Courses in Literature (H-P)

Courses That Satisfy the Creative Writing Requirements

Five approved upper-division courses are required, consisting of three courses in creative writing and two courses in literature. These courses may be taken in any of the departments that offer them. See Requirements.

Courses in both creative writing and literature are sometimes listed in the Berkeley Academic Guide under very general headings ("Topics in ________" or "Special Topics"). Students may be allowed to include courses that are not on the following list with approval of the Creative Writing Minor Faculty Adviser. It is the responsibility of the student to provide the Faculty Adviser with documentary evidence to support the claim of course eligibility. Contact the Creative Writing Minor Student Academic Advisor at demir@berkeley.edu for more information.

To determine if a course from the list below is being offered during a specific semester, visit the Schedule of Classes.

NOTE: Two courses are required from this list. Both of these courses must be taken for a letter grade.        

Hebrew
104A-B. Modern Hebrew Literature and Culture

Hindi-Urdu
101A-B. Readings in Modern Hindi

Italian Studies
104. Reading Italian Literature
109. Dante's Commedia  (in Italian)
110. Literature and Culture of the 13th- and 14th-Centuries
112. 16th-Century Literature and Culture
115. 19th-Century Literature and Culture
117. 20th- and 21st-Century Literature
120. Topics in Italian Studies
130A. Dante’s Inferno (in English)
130. Dante’s Purgatorio and Paradiso (in English)
163. Special Topics in Italian Literature  

Japanese
130. Classical Japanese Poetry
132. Pre-Modern Japanese Diary (Nikki) Literature
140. Heian Prose
144. Edo Literature
155. Modern Japanese Literature
159. Contemporary Japanese Literature
170. Classical Japanese Literature in Translation
177. Urami: Rancor and Revenge in Japanese Literature
180. Ghosts and the Modern Literary Imagination  

Korean
101. Fourth-Year Readings – Literature
130. Genre and Occasion in Traditional Poetry
140. Narrating Persons and Objects in Traditional Korean Prose
150. Modern Korean Poetry
153. Readings in Modern Korean Literature
155. Modern Korean Fiction
157. Contemporary Korean Literature
172. Gender and Korean Literature
180. Critical Approaches to Modern Korean Literature 

Latin
100. Republican Prose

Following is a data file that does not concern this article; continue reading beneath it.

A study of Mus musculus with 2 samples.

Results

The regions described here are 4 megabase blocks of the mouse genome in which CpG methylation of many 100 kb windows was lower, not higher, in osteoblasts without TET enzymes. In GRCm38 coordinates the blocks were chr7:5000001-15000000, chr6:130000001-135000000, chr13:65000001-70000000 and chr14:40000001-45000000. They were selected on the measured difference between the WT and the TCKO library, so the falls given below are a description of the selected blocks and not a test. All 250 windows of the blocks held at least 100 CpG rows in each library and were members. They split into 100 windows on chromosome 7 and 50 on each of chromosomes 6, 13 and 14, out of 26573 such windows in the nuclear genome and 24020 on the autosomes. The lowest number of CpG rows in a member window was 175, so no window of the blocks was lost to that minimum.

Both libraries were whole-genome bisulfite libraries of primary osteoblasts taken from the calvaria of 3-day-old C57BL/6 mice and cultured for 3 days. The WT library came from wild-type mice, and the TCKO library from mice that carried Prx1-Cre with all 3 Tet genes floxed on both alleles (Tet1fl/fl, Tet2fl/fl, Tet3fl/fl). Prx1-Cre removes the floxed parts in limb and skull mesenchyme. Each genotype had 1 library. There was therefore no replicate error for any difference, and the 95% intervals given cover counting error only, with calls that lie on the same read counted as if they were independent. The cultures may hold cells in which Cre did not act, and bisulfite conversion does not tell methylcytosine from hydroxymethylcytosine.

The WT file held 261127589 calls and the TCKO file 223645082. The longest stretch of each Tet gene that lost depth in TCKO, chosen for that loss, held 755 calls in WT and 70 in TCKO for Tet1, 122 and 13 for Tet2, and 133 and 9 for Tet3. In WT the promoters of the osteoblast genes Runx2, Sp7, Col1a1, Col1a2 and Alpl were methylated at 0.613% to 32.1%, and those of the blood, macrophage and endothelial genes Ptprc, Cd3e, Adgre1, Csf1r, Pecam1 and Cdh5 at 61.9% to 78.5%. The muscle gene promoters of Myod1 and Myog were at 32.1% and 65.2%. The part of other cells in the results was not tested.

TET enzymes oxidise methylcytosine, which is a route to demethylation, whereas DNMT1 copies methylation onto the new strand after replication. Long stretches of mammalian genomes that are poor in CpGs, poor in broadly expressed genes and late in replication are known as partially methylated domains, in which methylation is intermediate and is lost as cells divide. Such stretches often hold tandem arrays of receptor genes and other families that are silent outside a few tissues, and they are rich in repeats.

101. Vergil
102. Lyric and Society
115. Roman Drama
116. Lucretius, Vergil's Georgics
119. Latin Epic
120. Latin Prose to AD 14
121. Tacitus
122. Post-Augustan Prose
140. Medieval Latin
155A. Readings in Medieval Latin 

Native American Studies

C152. Native American Literature
C166. Native American Novelist
C171. Native American Poetry  

Near Eastern Studies
105A. Ancient Mesopotamian Documents and Literature
113. Gilgamesh: King, Hero and God
132. Biblical Poetry
139. Modern Jewish Literatures
151. Folktales of the Middle East
154. Narratives of Identity in Israeli and Palestinian Fiction
155. Wonder and the Fantastic: The Thousand and One Nights in World Literary Imagination
162A-B. History of Persian Literature
170A-B. Turkish Literature in Translation

Persian
101A-B. Readings in Persian Literature
102A-B. Readings in Classical Persian Prose
103A-B. Classical Persian Poetry
104B. Contemporary Persian Literature
105. Modern Analytical Prose in Persian

Portuguese
104. Introduction to Brazilian Literature
107B. Survey of Portuguese Literature
128. 20th-Century Brazilian Literature   

The Creative Writing Minor is offered by the Office of Undergraduate and Interdisciplinary Studies in the Undergraduate Division of the College of Letters and Science. The courses students take to satisfy the minor course requirements are offered by various departments around campus. If you have questions regarding the minor program and whether a course not on this list may be used for the minor, contact the Creative Writing Minor Student Academic Advisor at demir@berkeley.edu. If you have questions regarding an approved course on this list, contact the department and instructor offering the course. The departments and instructors determine when their courses will be offered and who is eligible to take their courses.